Banking

Akamai outage linked to CBA, Westpac, ANZ internet banking disruptions

Read more at www.smh.com.au

A Virgin spokesman confirmed flights and guest check-in were not affected by the outage, but the airline’s call centres needed to be rerouted to a back-up line and the website crashed for around an hour.


An Akamai spokesperson acknowledged the problem.

“We are aware of the issue and actively working to restore services as soon as possible,” the spokesperson said.

Last week an internal outage at Fastly, another leading CDN, took down global news sites and retailers for almost an hour. That was caused by a coding error and resulted in major websites, including The New York Times, BBC, The Age and The Sydney Morning Herald, going offline.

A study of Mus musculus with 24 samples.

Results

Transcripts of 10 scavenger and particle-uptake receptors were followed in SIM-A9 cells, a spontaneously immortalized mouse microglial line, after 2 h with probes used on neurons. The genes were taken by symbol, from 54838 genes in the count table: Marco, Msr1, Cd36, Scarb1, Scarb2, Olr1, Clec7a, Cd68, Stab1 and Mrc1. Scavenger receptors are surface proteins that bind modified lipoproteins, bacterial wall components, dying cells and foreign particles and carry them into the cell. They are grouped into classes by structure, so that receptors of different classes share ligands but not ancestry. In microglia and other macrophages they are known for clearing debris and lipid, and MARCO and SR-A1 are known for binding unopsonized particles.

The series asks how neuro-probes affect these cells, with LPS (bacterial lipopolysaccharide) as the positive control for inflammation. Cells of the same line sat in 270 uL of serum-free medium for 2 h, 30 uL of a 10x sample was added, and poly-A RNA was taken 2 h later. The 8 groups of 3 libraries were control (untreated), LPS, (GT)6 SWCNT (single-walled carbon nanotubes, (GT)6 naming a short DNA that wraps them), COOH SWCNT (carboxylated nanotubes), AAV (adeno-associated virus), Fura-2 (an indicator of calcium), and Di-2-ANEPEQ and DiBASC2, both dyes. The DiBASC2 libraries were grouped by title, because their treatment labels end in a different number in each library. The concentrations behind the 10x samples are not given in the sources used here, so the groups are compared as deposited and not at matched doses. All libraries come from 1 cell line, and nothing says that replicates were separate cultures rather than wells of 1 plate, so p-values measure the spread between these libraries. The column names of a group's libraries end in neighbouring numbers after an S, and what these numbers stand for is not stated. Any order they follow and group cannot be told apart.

Cyber attacks have spiked during COVID-19 as hackers preyed on workers who are vulnerable to phishing scams.


ANZ chief information security officer Lynwen Connick recently said companies should avoid paying ransom and pointed to work being completed by the government and private companies to develop a digital platform to share information quickly and securely about cyber attacks and threats.

Daniel D’Alessandro, co-founder of Australian CDN Peakhour.io, said that the occurrence of two outages in as many weeks showed that major organisations needed to invest in redundancies.

“Akamai is a venerable company and well respected globally, but outages can happen to anyone,” he said.

“Companies routing their traffic through a third party, whether it’s a CDN or otherwise, all need a Plan B, just like with any other critical piece of their IT infrastructure.